Being kind and generous to others is rewarded. It’s even said in the yoga tradition that the path of service, or karma yoga, can lead to enlightenment.
I don’t doubt that, but why is it that flight attendants have to remind us to put our own oxygen mask on in an emergency before we help others? Could it be we forget to take care of ourselves in the name of service?
Let’s look at this commandment more closely: Love thy neighbor as thyself. Perhaps we have to start with loving ourselves. How do you love yourself?
Sometimes when people come to learn to meditate we take a look at how they treat themselves. Every one of us has thoughts in meditation or sometimes drift off in a daydream, but there are some students that are so hard on themselves when this happens—getting angry or frustrated with themselves—a habit they’ve fallen into as a way to make themselves do it right.
Some people simply believe they can’t do it at all, or that there is something inherently wrong with them. Of course they can meditate, I remind them. I’ve never yet met someone who can’t.
Learn to love yourself as you love your neighbor I suggest that they practice being sweet to themselves, in and out of meditation. And by sweet, I don’t mean buying a new outfit or an ice cream, I mean actually being kind to yourself, and paying attention to yourself.
Maybe you’ve forgotten your own inner loveliness. You are wise, you are kind, you are aware and you know what is good for you on a very basic level.
Being unkind to ourselves can simply be an old habit. It might come up that someone stays in a relationship that isn’t nourishing, or they say nasty things to themselves when they look in the mirror, or don’t take good care of their body, or don’t listen to their own inner wisdom.
What if we treated our neighbor based on the ways that we sometimes treat (or loved) ourselves? We’d ignore them, say nasty things about them, or not care about them in some way. You see how that goes?
How we treat ourselves can inform everything we say or do. We have to become aware of it first, we each have to expand our awareness. I’ve written about really listening to yourself, discovering your intuition, asking yourself what you really want, living in tune with nature, beginning your meditation practice and remembering to be grateful.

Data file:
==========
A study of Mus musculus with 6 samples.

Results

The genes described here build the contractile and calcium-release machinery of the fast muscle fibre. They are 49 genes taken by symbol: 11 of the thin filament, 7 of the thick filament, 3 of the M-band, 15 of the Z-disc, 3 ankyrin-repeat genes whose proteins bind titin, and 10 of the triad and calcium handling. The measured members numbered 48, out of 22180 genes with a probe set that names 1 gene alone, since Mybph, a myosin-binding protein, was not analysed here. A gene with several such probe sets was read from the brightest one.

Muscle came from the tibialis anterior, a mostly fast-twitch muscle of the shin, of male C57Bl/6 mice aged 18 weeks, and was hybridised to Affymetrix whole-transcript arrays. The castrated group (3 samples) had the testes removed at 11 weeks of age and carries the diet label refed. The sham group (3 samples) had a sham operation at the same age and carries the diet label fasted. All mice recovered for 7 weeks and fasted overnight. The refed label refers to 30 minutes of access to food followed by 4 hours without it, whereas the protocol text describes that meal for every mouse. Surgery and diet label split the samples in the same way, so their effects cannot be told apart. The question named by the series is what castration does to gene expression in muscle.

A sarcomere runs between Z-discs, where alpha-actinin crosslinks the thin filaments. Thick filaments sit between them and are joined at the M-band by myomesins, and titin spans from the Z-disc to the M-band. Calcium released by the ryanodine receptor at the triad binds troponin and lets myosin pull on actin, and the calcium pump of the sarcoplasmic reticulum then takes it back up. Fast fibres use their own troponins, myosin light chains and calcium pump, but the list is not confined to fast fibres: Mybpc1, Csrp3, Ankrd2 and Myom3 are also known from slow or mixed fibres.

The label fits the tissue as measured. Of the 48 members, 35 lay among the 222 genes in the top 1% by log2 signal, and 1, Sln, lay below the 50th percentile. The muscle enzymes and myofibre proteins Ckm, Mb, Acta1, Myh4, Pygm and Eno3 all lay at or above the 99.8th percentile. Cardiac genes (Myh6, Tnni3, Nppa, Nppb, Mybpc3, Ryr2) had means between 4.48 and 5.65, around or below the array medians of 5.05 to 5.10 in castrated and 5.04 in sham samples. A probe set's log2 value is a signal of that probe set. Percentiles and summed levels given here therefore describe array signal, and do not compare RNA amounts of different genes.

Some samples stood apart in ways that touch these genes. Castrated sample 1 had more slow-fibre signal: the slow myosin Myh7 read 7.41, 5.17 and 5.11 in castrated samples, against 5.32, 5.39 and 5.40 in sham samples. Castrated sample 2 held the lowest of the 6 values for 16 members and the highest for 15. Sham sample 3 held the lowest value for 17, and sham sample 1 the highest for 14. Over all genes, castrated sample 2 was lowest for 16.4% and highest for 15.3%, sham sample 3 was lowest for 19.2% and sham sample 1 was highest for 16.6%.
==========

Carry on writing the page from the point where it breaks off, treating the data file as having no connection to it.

But it all comes down to loving one’s self—which is often more difficult than it sounds. That’s why, last spring, my dear friend and retreat leader Kathy Zavada and I developed a retreat that focuses on cultivating self love: The Heart Opening Retreat, held in May in South Lake Tahoe.
There is a Buddhist medita•tion practice known as Loving Kindness (You don’t have to be Buddhist to do it.) It has the immediate benefit of sweetening and changing old habituated negative patterns of mind. In this simple practice, begin with truly experiencing love for yourself, and from there, meditate on kindness to others.
It goes like this:
• Sit down and relax your body.
• Bring your attention to your heart center, place your hand there gently if you’d like.
• Take some time to cultivate a warm and gentle feeling for yourself.
• Say some sweet things to yourself, silently with a sense of kindness and warmth (see some examples below.)
• Notice how your heart and mind respond. There is no need to hurry.
• Experience your heart slowly fill with the warmth and bliss of your own lov•ing intention. After you give yourself the attention, send the intention for all beings to be well and free from suffering.
Take three breaths through your nose, deeper than normal, and come back to yourself and the environment you are sitting in.
Keep your eyes closed for a few minutes and enjoy for a few moments your state of being.
Here are some intentions I use, choose one that resonates with you, or come up with your own:
• May I be filled with loving kindness. May I be peaceful and at ease. May I be free from suffering. May I be at peace.
• I am safe. I am cared for. I am loved and all is well.
• May I become an intimate, kind and friendly force for myself and be intimate with my life and all of life.
• May I be completely present in my own life.
• May I know and experience God fully.
• I accept myself exactly as I am and as I am not.
• May I remember the universal kindness that surrounds me at every moment.
• There is no one on Earth who is more deserving of my love than me.
• May I be on my own side and not betray myself.
• The more I practice Loving Kindness, the more I learn to know myself as a person capable of warmth, of sweetness, of love and a peaceful response to life. I trust myself more and have more to give. Each act of kindness to others then becomes an act of gentle•ness to myself and to my own spirit.